The U.S. Department of Agriculture (USDA) raised the forecast for 2017/18 global production of cotton by nearly 600,000 bales this month due to revisions in Sudan’s estimates back to 2013/14 and higher area in Australia, partially offset by smaller crops in the United States and Uzbekistan.
Sudan’s 2017/18 forecast is raised 730,000 bales based on reports of new technology and investment, and Australia’s production is raised 300,000 bales following reports area previously forecast for sorghum was planted to cotton, the USDA said in its latest World Agriculture Supply and Demand Estimates report.
The report raised world consumption slightly, while forecasting global trade 600,000 bales higher, as higher expected imports by Turkey, Bangladesh, China, and Vietnam more than offset a decline for Taiwan.
“World ending stocks are now projected at 88.8 million bales, nearly 300,000 bales above last month,” it said.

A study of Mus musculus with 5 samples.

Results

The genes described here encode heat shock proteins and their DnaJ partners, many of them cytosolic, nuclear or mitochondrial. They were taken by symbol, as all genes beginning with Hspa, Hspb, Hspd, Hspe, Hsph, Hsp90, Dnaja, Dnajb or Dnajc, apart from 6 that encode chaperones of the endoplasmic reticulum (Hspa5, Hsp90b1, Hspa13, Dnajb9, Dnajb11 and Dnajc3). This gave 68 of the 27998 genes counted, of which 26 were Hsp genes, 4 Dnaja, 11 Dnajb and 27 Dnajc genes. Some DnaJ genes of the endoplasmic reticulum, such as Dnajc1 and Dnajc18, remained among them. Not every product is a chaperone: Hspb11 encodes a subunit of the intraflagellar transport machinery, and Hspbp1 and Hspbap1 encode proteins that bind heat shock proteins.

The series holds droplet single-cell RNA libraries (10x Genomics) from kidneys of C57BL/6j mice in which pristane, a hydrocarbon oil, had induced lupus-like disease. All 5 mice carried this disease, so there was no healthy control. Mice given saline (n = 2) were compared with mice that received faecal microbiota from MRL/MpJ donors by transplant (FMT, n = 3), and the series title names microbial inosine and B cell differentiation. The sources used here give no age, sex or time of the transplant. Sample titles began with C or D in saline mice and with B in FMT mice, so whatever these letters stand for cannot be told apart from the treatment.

According to the USDA, this month’s 2017/18 U.S. cotton forecasts show lower production, higher exports, and lower ending stocks relative to last month.
Production is reduced 233,000 bales to 21.0 million, based on the March 8 Cotton Ginnings report, the WASDE said, adding that the final estimates for this season’s U.S. area, yield, and production will be published in the May 2018 Crop Production report.
“Domestic mill use is unchanged from last month, but exports are raised 300,000 bales to 14.8 million, based on stronger world demand and expectations of above-average shipments during the second half of the marketing year,” the report said.
Ending stocks are lowered 500,000 bales to 5.5 million, it added.